Mexico’s Growing Wealth Gap Stifles Economic ProgressMexico’s Growing Wealth Gap Stifles Economic Progress

The southern state of Guerrero is a state in Mexico where inequality is a way of life. The plight of lifelong resident, Martin Visoso, is typical. Martin left his seasonal farming job to earn more money, making soccer balls. And he’s still extremely poor.

At that rate, a person making seven soccer balls a day earns less than $3.50, not even enough to buy a single McDonald’s Big Mac, CCTV America reported.

The rural state of Guerrero generates on an average of around $3,500 a year for every person who lives in the city. In the urbanized federal state of Mexico City, the GDP per capita is more than $16,500 a year—a difference of more than 340%.

Overall, Mexico’s wealth gap is one of the worst in the Americas—here the wealthiest 1% own nearly half the country’s wealth.

As the gap widens here and in the Organization for Economic Cooperation and Development countries, the study suggests it could stifle economic growth beyond national borders. In today’s interconnected global economy, stagnation in one country can affect others.

In some rankings, Mexico is the world’s 12th largest economy. Mexico is a country of amazing contrasts and nowhere is the division between the wealthy and the impoverished more starkly illustrated than in the capital, Mexico City.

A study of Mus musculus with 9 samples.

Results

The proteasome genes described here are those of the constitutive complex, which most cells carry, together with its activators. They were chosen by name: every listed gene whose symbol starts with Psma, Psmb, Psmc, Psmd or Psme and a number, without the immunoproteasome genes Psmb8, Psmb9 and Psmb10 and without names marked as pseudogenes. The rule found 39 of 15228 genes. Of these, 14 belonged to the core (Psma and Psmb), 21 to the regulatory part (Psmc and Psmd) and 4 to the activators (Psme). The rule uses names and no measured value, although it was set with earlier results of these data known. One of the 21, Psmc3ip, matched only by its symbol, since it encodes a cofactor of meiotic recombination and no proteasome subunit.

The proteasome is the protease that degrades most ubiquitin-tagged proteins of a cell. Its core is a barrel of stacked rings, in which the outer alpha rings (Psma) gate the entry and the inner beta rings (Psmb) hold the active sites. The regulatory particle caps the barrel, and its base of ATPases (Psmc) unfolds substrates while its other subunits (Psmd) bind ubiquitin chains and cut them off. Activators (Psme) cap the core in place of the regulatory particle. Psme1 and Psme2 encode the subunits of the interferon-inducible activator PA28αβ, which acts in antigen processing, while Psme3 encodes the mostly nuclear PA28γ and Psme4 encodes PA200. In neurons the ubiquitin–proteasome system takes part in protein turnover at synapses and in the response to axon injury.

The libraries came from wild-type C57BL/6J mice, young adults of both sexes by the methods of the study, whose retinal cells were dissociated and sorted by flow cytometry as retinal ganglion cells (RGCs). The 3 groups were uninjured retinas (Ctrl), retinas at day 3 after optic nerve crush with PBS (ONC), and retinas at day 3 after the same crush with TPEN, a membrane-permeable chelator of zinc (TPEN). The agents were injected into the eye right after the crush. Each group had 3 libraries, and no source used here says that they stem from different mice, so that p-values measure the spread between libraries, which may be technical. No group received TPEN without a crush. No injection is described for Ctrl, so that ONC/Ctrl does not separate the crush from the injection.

A wealthy district—with private schools offering tennis, basketball, and a well-maintained pool—right next door to a barrio which only has a misshapen football ground. Sometimes only a wall or a highway divides people whose incomes are a world apart.

“Mexico is also one of the most unequal countries in the world,” he said. “Significantly, much of that wealth is concentrated in just a few multimillionaires.”

Telecoms tycoon Carlos Slim, 76, is one of the richest men in the world, with a net worth of $46 billion.

Meanwhile, the Mexican central bank said it will have to continue its restrictive monetary policy to prevent a notable increase in consumer prices due to a weak peso. This will weigh on private consumption–an important pillar of economic growth. Mexico’s GDP growth is expected to slow further in 2017.

Analysts at BNP Paribas expect real GDP growth in Mexico to slow from about 2% this year to close to 0% in 2017, as BNPP suspects balance-of-payment conditions will deteriorate more than most observers seem willing to admit.